As merchants scrambled to set up and improve their online sales amid COVID-19, Etsy (NASDAQ:ETSY) and Shopify (NYSE:SHOP) benefited, and as a result, both e-commerce platforms had a profitable 2020. Despite shoppers returning to offline retailing in many cases, both companies remain on a long-term growth trajectory. Nonetheless, with differing approaches and valuations, one company will likely stand out above the other in the minds of new investors.
A closer look at Etsy and Shopify
Etsy acts as a community for artisans. The site takes many approaches in serving its artisan clients. For one, it limits its platform specifically to craftspeople. It also designs its site’s search tool so prospective customers can find the products they seek.
Furthermore, it acts as an advocate for its small businesses. Etsy lobbies political bodies to protect the interests of artisans. This offers a benefit that only large enterprises could afford for themselves in past years.
Shopify differs in that it offers a more generalized e-commerce site. At its core, it provides the platform that sellers can modify to meet their specific needs. It has stood out for its ease of use and for providing functionality for customer logins, checkouts, and links to shippers. Such factors help differentiate Shopify from WooCommerce or Wix.com.
However, the most notable competitive advantage is probably the Shopify Fulfillment Network (SFN). The SFN can handle packing, shipping, branding, and order management. To replicate this, a competitor must build an extensive physical infrastructure far outside of a software provider’s core competencies. This redefines what had previously become a crowded field of tech companies fighting for market share with only software.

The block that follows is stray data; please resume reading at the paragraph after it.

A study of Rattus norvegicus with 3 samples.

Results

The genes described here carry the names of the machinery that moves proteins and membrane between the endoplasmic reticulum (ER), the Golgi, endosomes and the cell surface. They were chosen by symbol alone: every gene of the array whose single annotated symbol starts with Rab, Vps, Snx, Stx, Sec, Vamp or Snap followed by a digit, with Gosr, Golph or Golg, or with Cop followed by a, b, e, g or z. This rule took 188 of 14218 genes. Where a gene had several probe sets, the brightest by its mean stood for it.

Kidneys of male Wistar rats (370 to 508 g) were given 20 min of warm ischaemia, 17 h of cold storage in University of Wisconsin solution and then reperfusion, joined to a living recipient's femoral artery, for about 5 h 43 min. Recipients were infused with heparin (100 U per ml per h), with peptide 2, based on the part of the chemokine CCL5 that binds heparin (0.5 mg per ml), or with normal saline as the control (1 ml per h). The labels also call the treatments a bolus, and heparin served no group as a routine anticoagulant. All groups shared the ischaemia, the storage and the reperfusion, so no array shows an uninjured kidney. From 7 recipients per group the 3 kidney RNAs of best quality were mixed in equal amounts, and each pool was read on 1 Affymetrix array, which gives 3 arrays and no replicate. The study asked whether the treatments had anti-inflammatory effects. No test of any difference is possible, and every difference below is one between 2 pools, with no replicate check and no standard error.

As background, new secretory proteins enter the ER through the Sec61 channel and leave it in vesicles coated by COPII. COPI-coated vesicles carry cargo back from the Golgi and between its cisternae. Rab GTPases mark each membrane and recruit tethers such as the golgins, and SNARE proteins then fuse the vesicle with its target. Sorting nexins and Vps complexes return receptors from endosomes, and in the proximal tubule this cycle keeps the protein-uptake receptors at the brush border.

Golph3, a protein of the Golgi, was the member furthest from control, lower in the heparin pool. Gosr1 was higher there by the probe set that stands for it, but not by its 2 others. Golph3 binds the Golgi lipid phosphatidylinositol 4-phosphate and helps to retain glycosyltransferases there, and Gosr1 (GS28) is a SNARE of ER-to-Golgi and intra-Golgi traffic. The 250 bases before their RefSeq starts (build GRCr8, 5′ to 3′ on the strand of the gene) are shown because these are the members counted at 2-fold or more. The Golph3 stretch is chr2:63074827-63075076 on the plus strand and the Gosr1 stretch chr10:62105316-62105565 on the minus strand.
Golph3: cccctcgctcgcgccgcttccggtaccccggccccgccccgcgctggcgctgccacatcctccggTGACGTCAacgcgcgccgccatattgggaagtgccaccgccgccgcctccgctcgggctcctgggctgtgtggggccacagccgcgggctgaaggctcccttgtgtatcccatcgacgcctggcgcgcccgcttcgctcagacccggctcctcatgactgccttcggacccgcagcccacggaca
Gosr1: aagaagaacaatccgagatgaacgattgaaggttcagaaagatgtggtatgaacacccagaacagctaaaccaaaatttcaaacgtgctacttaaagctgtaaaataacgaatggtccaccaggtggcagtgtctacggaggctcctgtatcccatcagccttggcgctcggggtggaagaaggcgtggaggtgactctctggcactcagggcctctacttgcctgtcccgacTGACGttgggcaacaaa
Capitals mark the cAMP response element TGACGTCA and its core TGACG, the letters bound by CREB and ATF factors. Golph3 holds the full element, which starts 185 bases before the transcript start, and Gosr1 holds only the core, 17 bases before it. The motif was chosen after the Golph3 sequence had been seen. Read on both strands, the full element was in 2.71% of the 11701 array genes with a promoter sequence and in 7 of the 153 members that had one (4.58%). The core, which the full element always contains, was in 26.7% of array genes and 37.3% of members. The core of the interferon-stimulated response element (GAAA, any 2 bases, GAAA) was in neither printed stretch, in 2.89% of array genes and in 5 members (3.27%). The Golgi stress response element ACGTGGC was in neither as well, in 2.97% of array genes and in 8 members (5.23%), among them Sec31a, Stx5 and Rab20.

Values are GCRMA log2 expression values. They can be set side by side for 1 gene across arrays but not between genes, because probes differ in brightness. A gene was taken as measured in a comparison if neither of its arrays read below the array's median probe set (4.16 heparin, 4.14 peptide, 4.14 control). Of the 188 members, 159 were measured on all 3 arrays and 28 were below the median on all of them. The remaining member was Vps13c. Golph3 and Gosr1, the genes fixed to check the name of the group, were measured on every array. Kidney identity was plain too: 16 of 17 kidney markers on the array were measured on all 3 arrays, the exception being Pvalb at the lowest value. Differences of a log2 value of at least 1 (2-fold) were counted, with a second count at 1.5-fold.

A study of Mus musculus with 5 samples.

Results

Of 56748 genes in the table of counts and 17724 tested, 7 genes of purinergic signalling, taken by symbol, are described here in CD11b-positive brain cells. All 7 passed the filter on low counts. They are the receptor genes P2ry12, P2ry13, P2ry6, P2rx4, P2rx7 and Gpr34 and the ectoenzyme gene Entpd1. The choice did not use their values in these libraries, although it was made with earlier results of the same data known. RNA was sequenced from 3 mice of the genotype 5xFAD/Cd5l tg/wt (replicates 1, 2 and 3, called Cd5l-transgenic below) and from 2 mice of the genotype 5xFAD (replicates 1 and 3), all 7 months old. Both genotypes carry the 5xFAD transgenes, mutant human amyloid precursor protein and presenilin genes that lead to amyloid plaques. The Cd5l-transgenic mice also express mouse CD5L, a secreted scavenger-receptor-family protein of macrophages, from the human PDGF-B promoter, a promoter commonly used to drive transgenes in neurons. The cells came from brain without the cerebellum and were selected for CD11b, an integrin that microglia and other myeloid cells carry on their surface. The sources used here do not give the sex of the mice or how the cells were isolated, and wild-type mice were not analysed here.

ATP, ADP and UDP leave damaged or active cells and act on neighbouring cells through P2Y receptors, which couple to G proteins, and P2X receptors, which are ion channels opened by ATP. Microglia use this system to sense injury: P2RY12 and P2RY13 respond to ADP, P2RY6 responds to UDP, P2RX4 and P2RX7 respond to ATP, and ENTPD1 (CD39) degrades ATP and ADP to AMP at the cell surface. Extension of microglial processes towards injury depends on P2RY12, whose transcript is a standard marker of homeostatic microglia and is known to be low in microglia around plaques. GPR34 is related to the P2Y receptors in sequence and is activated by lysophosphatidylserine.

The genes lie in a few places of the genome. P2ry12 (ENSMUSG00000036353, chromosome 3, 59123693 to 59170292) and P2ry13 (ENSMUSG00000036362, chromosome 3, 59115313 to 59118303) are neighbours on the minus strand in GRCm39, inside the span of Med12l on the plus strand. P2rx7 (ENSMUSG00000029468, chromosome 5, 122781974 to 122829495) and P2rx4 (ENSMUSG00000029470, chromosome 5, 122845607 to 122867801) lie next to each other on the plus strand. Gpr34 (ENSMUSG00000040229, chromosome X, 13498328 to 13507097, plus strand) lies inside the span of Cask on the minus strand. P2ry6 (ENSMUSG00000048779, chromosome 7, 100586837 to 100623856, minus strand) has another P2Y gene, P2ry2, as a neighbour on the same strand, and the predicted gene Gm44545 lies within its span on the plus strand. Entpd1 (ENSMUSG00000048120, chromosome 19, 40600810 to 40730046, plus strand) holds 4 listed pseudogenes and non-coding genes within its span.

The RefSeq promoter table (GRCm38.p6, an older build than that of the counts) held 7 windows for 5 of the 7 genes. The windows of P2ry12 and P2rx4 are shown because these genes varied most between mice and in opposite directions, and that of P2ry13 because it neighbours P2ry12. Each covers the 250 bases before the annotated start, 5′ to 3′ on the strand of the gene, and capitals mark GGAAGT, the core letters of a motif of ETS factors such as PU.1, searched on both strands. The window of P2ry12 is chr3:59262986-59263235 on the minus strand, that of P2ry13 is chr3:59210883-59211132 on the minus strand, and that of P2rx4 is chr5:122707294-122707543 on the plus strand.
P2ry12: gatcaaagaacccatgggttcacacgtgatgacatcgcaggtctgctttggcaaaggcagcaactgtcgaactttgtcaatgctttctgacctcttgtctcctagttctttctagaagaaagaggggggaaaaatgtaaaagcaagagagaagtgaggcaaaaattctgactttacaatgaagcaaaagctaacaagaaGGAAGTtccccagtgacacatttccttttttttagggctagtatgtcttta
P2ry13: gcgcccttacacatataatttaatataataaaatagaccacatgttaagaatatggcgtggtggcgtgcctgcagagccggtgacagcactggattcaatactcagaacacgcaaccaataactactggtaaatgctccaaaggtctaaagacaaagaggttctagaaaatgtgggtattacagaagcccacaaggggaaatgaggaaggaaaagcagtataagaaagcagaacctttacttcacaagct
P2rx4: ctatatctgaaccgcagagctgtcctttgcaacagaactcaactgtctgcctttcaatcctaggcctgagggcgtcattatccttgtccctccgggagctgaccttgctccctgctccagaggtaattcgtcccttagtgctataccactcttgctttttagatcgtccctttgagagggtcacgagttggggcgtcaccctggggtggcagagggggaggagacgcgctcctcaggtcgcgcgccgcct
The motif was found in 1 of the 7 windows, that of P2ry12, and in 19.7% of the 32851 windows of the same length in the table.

How the financials compare
Both companies continue to benefit from massive growth. For 2020, Etsy reported revenue of just over $1.7 billion, 111% higher than in 2019. This led to a net income of $349 million, a 264% increase year over year.
As a result, the consumer discretionary stock generated just under $678 million in free cash flow. Although a change in accounting standards forced Etsy to recognize $264 million in additional debt, its $1.06 billion debt burden remains manageable, especially given its current cash holdings of $1.24 billion.
Shopify’s 2020 revenues grew by 86% to $2.9 billion. The increase helped Shopify turn a profit of $320 million during that period, a dramatic turnaround from the $125 million loss in 2019.
Shopify generated about $383 million in free cash flow. It also took out about $908 million in senior notes during the year and issued stock. This allowed it to boost cash to invest in SFN and other ventures. Despite the rising debt, this leaves Shopify’s balance sheet in a stable position.
Interestingly, both companies declined to give specific guidance for full-year 2021. The sudden need for e-commerce in 2020 likely frontloaded some of the growth that would have come later. Consequently, both companies will deal with either slower growth or, possibly, temporary declines.
Still, a slower 2021 will not compromise the long-term growth potential of either company. Moreover, given their 2020 numbers, it comes as no surprise that both have generated impressive returns. Shopify stock has risen by 3,500% over the last five years, well above Etsy’s 2,300%. However, over the last 12 months, Etsy holds the lead, producing a 235% return, well above Shopify’s 90% during that period.
Etsy also trades at a much lower valuation. Etsy sells for approximately 80 times earnings, while Shopify holds a price-to-earnings (P/E) ratio of about 440. From a price-to-sales (P/S) ratio perspective, Shopify also appears more expensive. It trades for more than 47 times Shopify’s revenue, versus a P/S ratio of 17 for Etsy.
The rapid growth of both companies has likely driven multiples higher. Nonetheless, with Etsy logging faster revenue growth, Shopify’s much higher multiples could call its value proposition into question.
Etsy or Shopify?
Considering the relevant business and financial factors, investors will more likely see higher returns in Etsy. Indeed, both companies have built competitive advantages that any peer will struggle to replicate, and this will drive investor returns in both companies long-term. However, these advantages do not explain why Shopify’s stock is so expensive. Since Etsy trades at a significant discount to Shopify despite its faster growth, Etsy stands out as the clear choice.
This article represents the opinion of the writer, who may disagree with the “official” recommendation position of a Motley Fool premium advisory service. We’re motley! Questioning an investing thesis — even one of our own — helps us all think critically about investing and make decisions that help us become smarter, happier, and richer.